CFP: Culture - bound Syndromes_Call_for specific_Chapters

Irina  Pelea's picture

UPDATE 30 September


Dear colleagues, 


We are seeking proposals for two chapters: 

1. Cultural illnesses from Latin America: Locura, Mal de pelea, Nervios, Susto in popular culture: cartoons, telenovelas, media, literature etc. Any other culture-bound syndromes from here would do. 

2. Voodoo death as a culture-bound syndrome in (African) popular culture(s): Nollywood, literature, media etc.

We have secured a contract offer with Routledge. 

Please send your abstract proposal (400 words) + a short bio (200 words) to the editor at

In case of any queries prior to your submission, please contact the editor.

We apologise for cross-posting. 

Many thanks for your interest. 



Dear colleagues,

You are invited to submit an abstract for the upcoming edited collection Culture-bound syndromes in Popular Culture. The volume aims to provide in-depth and analytical insight into the representations of cultural imagery and narratives of various culture-bound syndromes through the lens of global and national popular culture, covering movies, television, literature, visual arts, fashion, festivals, popular music, and graphic novels.

What does a culture-bound syndrome mean? The concept has come to define a pattern of symptoms (mental, physical, and relational) experienced only by members of a specific cultural group and recognized as a disorder by members of those groups.

"Culture-bound Syndromes in Popular Culture" takes its readers on a journey across (popular) cultures and introduces them to an entirely new subfield of studies, at the conjunction of medical anthropology and popular culture, focusing on folk illnesses.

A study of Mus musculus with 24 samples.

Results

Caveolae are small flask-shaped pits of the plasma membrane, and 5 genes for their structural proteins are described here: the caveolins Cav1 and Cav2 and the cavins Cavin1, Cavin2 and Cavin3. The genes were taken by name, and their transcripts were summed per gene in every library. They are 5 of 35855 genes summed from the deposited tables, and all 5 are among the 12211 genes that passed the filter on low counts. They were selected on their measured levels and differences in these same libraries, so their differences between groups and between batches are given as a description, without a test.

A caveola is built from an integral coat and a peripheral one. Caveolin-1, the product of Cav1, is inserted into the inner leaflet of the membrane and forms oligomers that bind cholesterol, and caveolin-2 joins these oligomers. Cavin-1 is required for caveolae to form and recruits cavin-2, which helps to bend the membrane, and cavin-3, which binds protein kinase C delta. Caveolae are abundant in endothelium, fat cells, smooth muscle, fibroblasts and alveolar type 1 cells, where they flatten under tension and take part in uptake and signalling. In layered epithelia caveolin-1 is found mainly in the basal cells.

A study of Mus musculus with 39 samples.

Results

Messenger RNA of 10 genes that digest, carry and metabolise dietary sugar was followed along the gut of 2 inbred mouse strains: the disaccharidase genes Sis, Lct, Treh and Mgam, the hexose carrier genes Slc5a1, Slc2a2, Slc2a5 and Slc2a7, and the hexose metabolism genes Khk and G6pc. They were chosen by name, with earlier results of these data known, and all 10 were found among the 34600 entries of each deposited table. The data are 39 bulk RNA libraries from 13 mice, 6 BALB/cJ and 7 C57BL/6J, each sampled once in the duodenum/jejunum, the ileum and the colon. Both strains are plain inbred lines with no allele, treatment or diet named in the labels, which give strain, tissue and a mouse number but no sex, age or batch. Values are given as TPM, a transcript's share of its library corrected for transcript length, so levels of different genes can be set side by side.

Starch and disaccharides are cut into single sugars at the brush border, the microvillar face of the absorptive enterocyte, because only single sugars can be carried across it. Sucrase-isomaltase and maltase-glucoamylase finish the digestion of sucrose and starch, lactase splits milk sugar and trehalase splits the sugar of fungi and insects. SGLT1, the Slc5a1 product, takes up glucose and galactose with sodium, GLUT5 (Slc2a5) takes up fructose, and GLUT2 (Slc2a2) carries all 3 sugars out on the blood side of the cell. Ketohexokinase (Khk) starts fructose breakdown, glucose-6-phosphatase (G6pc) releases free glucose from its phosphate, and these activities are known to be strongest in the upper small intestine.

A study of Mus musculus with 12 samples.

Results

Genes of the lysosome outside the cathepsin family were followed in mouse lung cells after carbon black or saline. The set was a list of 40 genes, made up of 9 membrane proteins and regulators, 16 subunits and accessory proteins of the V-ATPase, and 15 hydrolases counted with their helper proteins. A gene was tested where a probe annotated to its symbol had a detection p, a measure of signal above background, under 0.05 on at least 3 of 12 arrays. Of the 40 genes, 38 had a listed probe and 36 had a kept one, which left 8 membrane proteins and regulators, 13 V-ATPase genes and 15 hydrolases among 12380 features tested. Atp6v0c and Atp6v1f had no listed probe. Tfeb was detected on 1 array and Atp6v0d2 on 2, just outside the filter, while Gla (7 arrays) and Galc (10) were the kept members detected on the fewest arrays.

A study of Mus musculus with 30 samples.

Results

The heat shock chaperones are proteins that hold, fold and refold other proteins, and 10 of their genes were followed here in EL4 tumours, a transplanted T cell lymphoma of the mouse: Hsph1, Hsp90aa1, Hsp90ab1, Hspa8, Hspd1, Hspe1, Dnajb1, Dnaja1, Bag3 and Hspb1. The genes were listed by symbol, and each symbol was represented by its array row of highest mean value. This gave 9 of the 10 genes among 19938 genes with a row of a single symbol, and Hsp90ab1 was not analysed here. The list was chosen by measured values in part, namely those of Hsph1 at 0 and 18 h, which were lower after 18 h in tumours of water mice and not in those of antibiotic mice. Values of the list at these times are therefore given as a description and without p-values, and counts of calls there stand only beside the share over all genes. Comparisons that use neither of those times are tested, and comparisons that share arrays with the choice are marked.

Thus, this book covers a broad range of case studies, subjects, texts, and cultural practices that lie at the intersection of folk illnesses and cultural studies and include national, transnational, and international media representations, with an accent on the reception and interpretation of the phenomenon from the perspective of its original space.

We warmly invite established and emerging scholars specializing in all areas of media and cultural studies, anthropology, sociology, social/cultural geography, and other relevant research fields to propose a book chapter on an individual culture-bound syndrome and its representations in popular culture. Both single and multiple-authored works will be considered. All work should be original and previously unpublished.

We are also very interested in hearing open proposals for possible chapters about other cultural syndromes from any other country if the Table of Contents strikes you as improvable in any way. 

Please make sure to refer to a specific cultural syndrome (or more) in your abstract and title. 

Chapters might explore but are not limited to:

SECTION 1 East Asia and India - Covered.

\  Zou huo ru mo (China) Already taken!

\  Dhat syndrome (India)

\  Hikikomori (Japan) Already taken!

\  Taijin Kyofusho (Japan) Already taken!

\  Hwabyeong (South Korea) Already taken!

\  Pa-leng (Taiwan)

SECTION 2 Southeast Asia - Covered

\  Lanti (Philippines)

\  Latah (Indonesia, Malaysia)

\  Amok (Malaysia) 

\  Koro (Singapore)

SECTION 3 Latin America and Native American culture + the indigenous communities 

\  Locura

\  Mal de pelea

\  Nervios 

\  Susto

\  Saladera (Peruvian Amazon)

\  Windigo Psychosis (Native American) Already taken!

SECTION 4 Africa and the Middle East - OPEN. very interested in covering the Middle East/the Arab world. Please come with ideas and new topics.

\  Zar (Israel, Ethiopia)

\  Ufufuyane, Saka (Kenya)

\  Voodoo death Already taken!

Routledge has expressed keen interest in the volume for their Research in Cultural and Media Studies Series.


Key dates

Abstract submission deadline: please contact the editor to check the availability of your topic

Full chapter submission (max 8000 words): 1 November 2022

Publication: January 2023


Please send in a working title, abstracts of max 500 words, and a brief biographical note of 150 words to:

Please feel free to contact the volume’s editor (Irina Pelea) with any questions or queries. I look forward to receiving your abstracts.